The unfit accused in the South African criminal justice system: From automatic detention to unconditional release
Authors Letitia Pienaar
Affiliations: Senior lecturer, Department of Criminal and Procedural Law, Unisa; Attorney of the High Court of South Africa
Source: South African Journal of Criminal Justice, Volume 31 Issue 1, p. 58 – 83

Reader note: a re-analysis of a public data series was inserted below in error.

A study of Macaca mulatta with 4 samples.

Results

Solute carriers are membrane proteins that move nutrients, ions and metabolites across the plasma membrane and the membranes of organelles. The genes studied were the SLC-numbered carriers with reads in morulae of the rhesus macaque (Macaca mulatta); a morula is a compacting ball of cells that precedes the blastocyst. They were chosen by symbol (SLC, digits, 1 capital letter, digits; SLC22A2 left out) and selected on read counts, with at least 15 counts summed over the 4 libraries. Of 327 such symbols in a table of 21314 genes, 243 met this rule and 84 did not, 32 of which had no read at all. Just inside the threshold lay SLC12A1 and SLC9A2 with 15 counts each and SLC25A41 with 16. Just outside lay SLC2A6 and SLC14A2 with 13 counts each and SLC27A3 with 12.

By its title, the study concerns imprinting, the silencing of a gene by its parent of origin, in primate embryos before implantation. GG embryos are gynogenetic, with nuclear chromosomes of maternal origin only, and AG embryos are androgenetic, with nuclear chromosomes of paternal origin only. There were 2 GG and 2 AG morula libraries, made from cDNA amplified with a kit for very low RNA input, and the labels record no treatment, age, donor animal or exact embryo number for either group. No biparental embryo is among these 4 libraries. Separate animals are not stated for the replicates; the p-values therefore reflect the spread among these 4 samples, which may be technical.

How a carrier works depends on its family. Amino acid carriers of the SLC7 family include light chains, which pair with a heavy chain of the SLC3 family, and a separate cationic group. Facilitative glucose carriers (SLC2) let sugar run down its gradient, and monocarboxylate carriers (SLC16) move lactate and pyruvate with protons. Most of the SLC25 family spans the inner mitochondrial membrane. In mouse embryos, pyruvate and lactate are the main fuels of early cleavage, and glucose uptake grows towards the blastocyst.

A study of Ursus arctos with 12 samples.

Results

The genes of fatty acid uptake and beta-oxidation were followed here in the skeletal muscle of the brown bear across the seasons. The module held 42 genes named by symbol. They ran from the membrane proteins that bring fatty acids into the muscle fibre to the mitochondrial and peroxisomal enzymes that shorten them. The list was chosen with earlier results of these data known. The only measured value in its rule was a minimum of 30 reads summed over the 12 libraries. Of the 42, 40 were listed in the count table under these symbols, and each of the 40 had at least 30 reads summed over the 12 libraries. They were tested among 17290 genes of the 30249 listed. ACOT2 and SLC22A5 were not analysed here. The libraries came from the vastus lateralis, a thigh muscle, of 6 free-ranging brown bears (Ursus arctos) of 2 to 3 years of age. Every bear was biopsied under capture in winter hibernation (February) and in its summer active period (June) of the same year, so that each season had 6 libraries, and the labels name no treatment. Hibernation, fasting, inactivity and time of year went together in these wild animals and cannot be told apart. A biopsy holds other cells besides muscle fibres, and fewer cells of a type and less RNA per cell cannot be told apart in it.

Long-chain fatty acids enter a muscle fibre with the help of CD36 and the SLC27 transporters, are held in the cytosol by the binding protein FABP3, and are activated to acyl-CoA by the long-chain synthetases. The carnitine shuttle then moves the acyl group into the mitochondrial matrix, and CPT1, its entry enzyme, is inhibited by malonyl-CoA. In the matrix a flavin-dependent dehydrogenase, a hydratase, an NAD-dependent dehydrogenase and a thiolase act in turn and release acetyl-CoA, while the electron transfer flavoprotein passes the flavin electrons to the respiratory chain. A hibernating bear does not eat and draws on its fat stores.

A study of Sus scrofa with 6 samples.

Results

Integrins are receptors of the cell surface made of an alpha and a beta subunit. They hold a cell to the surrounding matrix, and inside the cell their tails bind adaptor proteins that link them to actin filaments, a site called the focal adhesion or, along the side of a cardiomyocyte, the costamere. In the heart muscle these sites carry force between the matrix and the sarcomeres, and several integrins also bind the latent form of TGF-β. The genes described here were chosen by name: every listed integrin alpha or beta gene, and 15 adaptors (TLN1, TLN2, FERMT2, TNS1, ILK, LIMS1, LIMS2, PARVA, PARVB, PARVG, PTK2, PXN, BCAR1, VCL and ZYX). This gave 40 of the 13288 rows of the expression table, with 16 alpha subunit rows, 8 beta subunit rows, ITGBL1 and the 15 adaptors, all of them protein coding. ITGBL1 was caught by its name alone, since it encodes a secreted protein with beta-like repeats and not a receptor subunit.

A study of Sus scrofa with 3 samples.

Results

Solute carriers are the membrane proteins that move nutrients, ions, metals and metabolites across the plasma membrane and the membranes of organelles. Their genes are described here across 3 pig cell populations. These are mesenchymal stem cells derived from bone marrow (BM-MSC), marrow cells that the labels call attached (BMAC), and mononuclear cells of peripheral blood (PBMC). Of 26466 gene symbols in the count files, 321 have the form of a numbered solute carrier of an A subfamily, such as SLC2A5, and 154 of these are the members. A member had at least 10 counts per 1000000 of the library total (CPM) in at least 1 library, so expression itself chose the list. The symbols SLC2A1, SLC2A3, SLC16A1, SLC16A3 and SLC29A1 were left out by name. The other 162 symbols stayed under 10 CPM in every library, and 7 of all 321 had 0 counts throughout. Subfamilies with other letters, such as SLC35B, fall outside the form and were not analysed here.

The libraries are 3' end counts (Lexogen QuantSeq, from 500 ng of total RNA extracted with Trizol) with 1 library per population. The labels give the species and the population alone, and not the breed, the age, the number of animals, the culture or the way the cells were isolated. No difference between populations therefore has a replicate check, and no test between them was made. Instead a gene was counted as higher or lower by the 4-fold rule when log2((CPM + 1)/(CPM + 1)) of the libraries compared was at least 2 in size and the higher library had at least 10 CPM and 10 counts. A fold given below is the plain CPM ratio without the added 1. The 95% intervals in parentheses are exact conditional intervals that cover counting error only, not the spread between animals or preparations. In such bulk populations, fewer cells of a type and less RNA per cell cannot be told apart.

Section 77 of the Criminal Procedure Act 51 of 1977 sets out the orders that a court can make after fnding an accused unft to stand trial on account of his mental illness or intellectual disability. All the orders result in detention of the unft accused in prison or a psychiatric institution (depending on the nature of the charges against the accused) in terms of the Mental Health Care Act 17 of 2002. The court could not consider the treatability of the accused’s condition or any individual circumstances of the accused before ordering such detention. Section 77 was recently amended by the Criminal Procedure Amendment Act 4 of 2017. The Amendment Act resulted from the Constitutional court’s judgment in De Vos NO v Minister of Justice and Constitutional Development 2015 (2) SACR 217 (CC) where the court found, inter alia, that such limited orders deprive the court of its discretion to craft an order that is suitable for the particular unft accused. The court ruled on the constitutionality of detaining an unft accused in prison or a psychiatric institution and found some provisions of s 77 that facilitates such detention, unconstitutional. The Amendment Act brings s 77 in line with the Constitution. This contribution explores the orders available to the court before and after the amendment of s 77 and conveys the crux of the court’s judgment in the De Vos matter pertaining to the unconstitutionality of certain provisions of s 77. It concludes that the amendment bolsters, in particular, the unft accused’s right to freedom and security of the person as the court may now order the conditional or unconditional release of the unft accused where appropriate.